What is Compounded Annual Growth Rate( CAGR)?

Introduction:

The decision of investing is very critical. Albert Einstein once said that compounding is the eighth wonder of the world. Now how would one measure the compounding effect? With the help of CAGR, we can calculate the average growth at which our portfolio is increasing in value during a period of time. We can also predict what the future value of today’s investment could be using the CAGR. Let’s get right into it!

Table of Contents:

  1. What is CAGR?
  2. Formula and Calculation of CAGR
  3. Example of how to use CAGR
  4. Importance of CAGR
  5. Disadvantages of CAGR
  6. Conclusion

What is CAGR?

CAGR stands for Compound Annual Growth Rate. It is the measure of the annual growth of the investment over time with the compounding effect taken into account during the investment period. It is one of the most popular and most accurate ways to calculate the approximate returns of the assets and portfolios over time [1]. For example, HDFC Bank has delivered a profit growth of 20.40% over the past 5 years. This means that the average growth of profit was at 20.40%. CAGR is often associated with specific parameters which indicate the performance of a company over a fixed period, such as sales, revenue, earnings, etc. [2]

The formula of CAGR is [3]:

Where CAGR   = compound annual growth rate

Vbegin = beginning value

Vfinal   = final value

t            = time in years

Example of how to use CAGR:

Imagine you have invested $10,000 in a portfolio. The return for 3 years is outlined below [1]:

Year Average Returns Portfolio value
1 30% $13,000
2 7.69% $14,000
3 35.71% $19,000

As you can see, the returns for every year are not constant. By using the formula, the CAGR can be calculated as follows:

The CAGR of 23.86% over the 3-year investment can assist the investor in comparing alternatives for his capital or making forecasts of future values. Furthermore, he can even predict what his returns are going to be after a few years.

Let us look at another example where the CAGR is known to us, and we have to calculate the future value. Say, you have invested $5,000 in a stock mutual fund with an average CAGR of 26% and you want to find out your approximate returns after 10 years. According to the formula, the final value will be,

After solving this, the value of the return after 10 years will be approximately $50,428.

Importance of CAGR:

CAGR is one of the most popular variables used to determine the profitability of an investment. One of CAGR’s advantages over an average rate of return is that it is not influenced by percentage changes that may yield misleading results. For example, look at the following example [3]:

Year Amount Return
0 $1,000
1 $1,250 25%
2 $937.5 -25%

This example shows that the value of the portfolio increased by 25% to $1,250. The following year, the returns dropped down by 25% and the final value of the portfolio is $937.5. Even though the average returns are 0%, there is a loss of $62.5. By using these values, the CAGR comes out to be -3%. Hence the CAGR is more accurate than the average returns.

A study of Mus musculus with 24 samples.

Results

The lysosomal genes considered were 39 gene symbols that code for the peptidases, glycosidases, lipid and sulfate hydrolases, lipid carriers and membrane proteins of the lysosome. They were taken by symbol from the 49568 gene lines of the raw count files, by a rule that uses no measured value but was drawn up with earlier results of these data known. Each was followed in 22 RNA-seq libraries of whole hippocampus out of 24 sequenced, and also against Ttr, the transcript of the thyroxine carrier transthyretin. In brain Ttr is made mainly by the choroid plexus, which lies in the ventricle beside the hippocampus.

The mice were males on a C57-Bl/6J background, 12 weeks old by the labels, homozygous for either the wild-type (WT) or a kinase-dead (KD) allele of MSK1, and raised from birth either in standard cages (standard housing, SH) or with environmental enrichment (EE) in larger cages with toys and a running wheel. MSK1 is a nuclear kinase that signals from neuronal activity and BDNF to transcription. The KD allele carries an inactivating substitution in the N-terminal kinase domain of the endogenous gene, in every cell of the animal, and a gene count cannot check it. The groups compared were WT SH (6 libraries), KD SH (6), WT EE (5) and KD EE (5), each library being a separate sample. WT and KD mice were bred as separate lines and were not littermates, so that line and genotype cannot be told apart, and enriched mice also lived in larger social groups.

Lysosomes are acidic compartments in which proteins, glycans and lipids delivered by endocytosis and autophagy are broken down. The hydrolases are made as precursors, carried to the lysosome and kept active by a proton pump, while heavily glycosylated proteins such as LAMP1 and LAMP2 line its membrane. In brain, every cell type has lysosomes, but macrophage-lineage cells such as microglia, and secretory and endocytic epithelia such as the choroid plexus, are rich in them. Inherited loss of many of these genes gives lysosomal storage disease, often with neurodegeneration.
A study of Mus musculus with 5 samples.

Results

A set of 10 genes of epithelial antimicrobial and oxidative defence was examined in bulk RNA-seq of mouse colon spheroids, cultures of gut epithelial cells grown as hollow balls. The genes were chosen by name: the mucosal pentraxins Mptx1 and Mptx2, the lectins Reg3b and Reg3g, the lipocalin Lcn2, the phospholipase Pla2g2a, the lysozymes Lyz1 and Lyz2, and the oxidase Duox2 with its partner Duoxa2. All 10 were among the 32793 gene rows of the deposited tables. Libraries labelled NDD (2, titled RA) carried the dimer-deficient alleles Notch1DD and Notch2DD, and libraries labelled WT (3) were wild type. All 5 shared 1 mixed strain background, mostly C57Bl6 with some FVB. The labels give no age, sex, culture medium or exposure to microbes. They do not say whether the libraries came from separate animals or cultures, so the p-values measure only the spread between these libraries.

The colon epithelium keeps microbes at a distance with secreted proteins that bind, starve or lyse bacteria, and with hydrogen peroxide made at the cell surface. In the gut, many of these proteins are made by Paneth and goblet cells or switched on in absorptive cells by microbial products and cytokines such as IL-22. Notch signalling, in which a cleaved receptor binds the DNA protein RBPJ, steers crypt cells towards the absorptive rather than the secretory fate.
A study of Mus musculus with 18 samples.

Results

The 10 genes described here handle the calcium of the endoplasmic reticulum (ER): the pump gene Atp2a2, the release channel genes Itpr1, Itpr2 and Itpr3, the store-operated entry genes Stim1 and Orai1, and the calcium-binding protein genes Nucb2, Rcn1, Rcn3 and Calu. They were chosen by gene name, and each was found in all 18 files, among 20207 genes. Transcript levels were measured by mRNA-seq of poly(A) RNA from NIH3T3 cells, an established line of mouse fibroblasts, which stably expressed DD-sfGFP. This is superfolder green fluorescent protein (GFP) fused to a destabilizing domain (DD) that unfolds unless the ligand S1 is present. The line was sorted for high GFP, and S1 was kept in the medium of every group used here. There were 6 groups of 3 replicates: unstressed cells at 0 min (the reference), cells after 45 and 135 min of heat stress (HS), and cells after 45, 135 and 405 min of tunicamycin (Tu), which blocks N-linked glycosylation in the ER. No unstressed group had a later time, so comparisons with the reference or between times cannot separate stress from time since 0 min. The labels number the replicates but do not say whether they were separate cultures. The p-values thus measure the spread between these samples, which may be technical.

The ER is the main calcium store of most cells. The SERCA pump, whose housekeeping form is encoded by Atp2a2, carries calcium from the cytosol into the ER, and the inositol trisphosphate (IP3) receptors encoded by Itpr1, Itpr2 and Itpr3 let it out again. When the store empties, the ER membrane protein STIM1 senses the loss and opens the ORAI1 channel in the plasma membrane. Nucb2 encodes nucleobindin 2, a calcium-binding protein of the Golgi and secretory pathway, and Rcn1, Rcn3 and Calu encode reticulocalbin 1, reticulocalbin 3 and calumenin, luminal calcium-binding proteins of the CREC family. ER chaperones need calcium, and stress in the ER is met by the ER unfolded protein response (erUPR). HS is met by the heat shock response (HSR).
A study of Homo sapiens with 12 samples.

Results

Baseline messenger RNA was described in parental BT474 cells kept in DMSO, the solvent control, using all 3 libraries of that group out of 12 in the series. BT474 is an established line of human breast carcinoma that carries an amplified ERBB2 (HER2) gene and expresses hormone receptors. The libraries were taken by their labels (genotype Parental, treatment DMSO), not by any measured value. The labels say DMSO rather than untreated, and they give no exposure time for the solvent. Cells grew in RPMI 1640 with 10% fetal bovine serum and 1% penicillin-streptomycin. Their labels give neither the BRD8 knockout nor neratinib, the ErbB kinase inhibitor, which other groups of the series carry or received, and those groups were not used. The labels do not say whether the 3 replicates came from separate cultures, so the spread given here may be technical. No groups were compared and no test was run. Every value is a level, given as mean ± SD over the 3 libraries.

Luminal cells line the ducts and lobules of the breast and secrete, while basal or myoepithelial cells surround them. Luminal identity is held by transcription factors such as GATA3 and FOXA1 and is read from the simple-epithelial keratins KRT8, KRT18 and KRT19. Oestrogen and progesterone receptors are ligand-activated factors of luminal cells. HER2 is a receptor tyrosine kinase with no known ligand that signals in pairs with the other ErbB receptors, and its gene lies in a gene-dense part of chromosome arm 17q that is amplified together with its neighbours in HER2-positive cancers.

Disadvantages of CAGR:

There are a few disadvantages of CAGR as well. The most important limitation of CAGR is that it calculates a smoothed rate of growth over a period, Hence, it ignores volatility and implies that the growth during that time was steady. Also, CAGR does not account for when an investor adds or withdraws funds from his portfolio. Another disadvantage of CAGR is that it only represents past growth, and the investor cannot assume that the CAGR will be the insame in the future as well. [3]

A third limitation of CAGR is its representation. Say that an investment fund was worth $10,000 in 2016, $7,100 in 2017, $4,400 in 2018, $8,100 in 2019, and $12,600 in 2020. In 2021, the fund manager will represent that the CAGR was a whopping 42.01% over the past 3 years but when it comes to the CAGR over the past 5 years, it is only 4.73%. [1]

Quick Method to Calculate Value Doubling

A simple method to check how many years the value of an investment will double is to divide 74 by the rate of growth. For example, if your annual growth rate CAGR is 4% in a savings account, then 74/4= 18.5 number of years is what it will take the money to double. Similarly, if the compound annual growth rate is instead 20%, then approximately the money doubles in 3 years.

This simple mental math calculation can be very helpful while taking investment decisions.

Conclusion:

CAGR is a very useful method to calculate the growth rate of an investment . It can be used to evaluate the past returns or predict the future returns of your investments. However, remember that CAGR works suitably only for lumpsum investments. Investors can analyze investment alternatives by comparing their CAGRs from identical periods. Also a direct conclusion worth noticing is that higher the return, higher the future value. So if you kept you capital in a savings account with a 4% annual return, versus a 12% rate every year in a mutual fund portfolio then the value will be higher with the higher rate of return.